In 2009, the Obama Administration re-activated a 20-year dormant project, spawned by the World Wildlife Foundation, to impose an international nature preserve on the Bering Strait, to deter any infrastructure development on this key link in the world land-bridge. Moves are continuing this Summer, towards a "Beringian Heritage" lock-up of land and resources, and impoverishment of local people, to directly serve the geopolitical interests of London finance behind the environmentalist game. The area under discussion involves millions of hectares of coastal Alaska and Chukotka, on the Chukchi and Bering Seas.
This locale is exactly the region through which the development corridors will go, of the Bering Strait Tunnel, linking Asia and the Americas, in conjunction with the North American Water and Power Alliance program (NAWAPA).
The Obama push for the WWF anti-development program for the Bering Strait comes under the auspices of the new U.S.-Russia Presidential Commission, established in July, 2009, by Obama and President Medvedev. Its goals featured the task of advancing "efforts to protect our shared heritage and environment in the Bering Strait region," as the Commission states. This jargon harks back word for word to the 1990s World Wildlife Fund propaganda for "Arctic preserves." In June, 2010, Russian and U.S. inter-agency sub-groups met on this, including the U.S. National Park Service (NPS), the EPA, Agency for International Development and others, towards bringing about what the NPS describes as the, "reintroduction of a proposal to establish an international protected area..." to preserve bears, fish, flora, fauna and quaint "cultural subsistence practices" by native peoples.
The original introduction of the proposal was in 1989, by the Audubon Society and World Wildlife Foundation, which then in 1990, got Presidents Mikhail Gorbachev and George H.W. Bush to endorse the proposal in principle. With the end of the Soviet Union, the idea died off in Russia, but continued through London-agent Gorbachev, who set up his Green Cross organization for just such promotion of 'saving the environment.'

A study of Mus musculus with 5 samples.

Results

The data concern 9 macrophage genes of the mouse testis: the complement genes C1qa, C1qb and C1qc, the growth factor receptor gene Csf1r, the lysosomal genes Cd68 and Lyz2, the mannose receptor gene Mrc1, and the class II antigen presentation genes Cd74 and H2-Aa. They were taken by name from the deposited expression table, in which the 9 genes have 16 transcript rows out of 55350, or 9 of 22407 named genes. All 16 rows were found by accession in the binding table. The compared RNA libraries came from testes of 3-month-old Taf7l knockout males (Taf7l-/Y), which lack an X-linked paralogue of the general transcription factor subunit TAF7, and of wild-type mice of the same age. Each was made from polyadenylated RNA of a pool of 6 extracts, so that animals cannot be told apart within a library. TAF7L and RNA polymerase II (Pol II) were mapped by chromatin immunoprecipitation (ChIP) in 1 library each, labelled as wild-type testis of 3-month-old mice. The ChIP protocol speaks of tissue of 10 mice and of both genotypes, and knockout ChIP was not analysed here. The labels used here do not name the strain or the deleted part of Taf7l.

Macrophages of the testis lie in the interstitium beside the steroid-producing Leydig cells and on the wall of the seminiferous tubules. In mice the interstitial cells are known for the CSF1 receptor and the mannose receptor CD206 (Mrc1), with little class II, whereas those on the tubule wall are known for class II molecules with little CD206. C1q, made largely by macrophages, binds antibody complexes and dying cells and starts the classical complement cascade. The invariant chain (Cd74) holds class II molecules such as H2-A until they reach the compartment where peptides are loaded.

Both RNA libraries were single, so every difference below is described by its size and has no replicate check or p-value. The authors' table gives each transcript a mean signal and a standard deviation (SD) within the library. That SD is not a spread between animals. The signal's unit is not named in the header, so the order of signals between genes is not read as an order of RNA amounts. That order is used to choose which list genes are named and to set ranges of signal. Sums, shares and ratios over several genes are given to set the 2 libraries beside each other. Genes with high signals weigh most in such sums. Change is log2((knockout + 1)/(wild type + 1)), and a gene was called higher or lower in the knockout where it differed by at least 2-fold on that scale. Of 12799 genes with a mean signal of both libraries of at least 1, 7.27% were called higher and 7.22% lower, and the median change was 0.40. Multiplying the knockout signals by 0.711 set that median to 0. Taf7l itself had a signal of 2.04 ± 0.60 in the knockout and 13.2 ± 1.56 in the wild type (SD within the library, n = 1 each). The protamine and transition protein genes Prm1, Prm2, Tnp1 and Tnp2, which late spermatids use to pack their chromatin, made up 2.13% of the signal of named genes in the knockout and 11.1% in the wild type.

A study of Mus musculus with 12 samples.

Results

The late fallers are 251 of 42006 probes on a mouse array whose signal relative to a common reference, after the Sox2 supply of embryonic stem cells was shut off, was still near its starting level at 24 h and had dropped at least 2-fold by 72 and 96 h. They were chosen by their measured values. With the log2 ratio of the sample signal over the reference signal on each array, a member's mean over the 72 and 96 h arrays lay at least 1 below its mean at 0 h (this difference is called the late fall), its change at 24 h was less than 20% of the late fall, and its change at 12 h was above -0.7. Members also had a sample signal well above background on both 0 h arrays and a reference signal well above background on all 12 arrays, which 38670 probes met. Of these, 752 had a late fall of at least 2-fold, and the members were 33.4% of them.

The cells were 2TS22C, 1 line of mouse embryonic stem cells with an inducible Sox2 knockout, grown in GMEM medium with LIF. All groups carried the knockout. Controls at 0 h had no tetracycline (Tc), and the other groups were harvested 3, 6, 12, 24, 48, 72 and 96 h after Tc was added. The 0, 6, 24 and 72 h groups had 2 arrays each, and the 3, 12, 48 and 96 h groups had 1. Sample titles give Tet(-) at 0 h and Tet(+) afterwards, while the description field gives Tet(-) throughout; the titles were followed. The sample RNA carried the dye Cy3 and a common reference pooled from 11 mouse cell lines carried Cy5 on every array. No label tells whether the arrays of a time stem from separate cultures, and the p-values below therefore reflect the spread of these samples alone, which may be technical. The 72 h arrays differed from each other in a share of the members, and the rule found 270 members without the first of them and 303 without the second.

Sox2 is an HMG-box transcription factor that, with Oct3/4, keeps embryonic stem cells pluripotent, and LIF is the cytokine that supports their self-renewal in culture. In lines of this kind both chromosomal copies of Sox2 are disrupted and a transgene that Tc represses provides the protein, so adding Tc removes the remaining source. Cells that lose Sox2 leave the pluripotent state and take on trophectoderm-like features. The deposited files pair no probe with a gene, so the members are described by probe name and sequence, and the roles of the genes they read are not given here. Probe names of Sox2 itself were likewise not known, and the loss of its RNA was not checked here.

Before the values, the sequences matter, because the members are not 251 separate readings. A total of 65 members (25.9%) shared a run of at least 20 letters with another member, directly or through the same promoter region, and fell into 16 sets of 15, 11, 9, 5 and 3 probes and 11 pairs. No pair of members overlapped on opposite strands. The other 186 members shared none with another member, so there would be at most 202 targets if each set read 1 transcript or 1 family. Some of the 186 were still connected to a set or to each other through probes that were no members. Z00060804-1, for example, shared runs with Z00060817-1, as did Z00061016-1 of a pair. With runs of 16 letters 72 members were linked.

In the United States, Congress refused to back the 1990 trans-border Bering Strait WWF proposal, so it was instead relegated to the National Park Service. There, a program called the "Shared Beringian Heritage Program" was begun in 1991. It continued for the next 19 years at a certain low level of funding for local villages and projects, until the Obama Administration came in. Then, as the NPS reported, "Discussions between the NPS and State Department began in 2009 regarding the possible reintroduction of a proposal to establish an international protected area supported by the local population..."
Locking up land in the Arctic is a major focus of the WWF international nature preserve drive. The WWF is one of only two NGOs with official observer status in the Arctic Council, which consists of all the nations of the Far North: Canada, United States, Iceland, Denmark, Norway, Sweden, Finland and Russia. The WWF is especially causing trouble in Russia, claiming credit for creating new nature preserves there, adding up to an area the size of between Switzerland and Norway.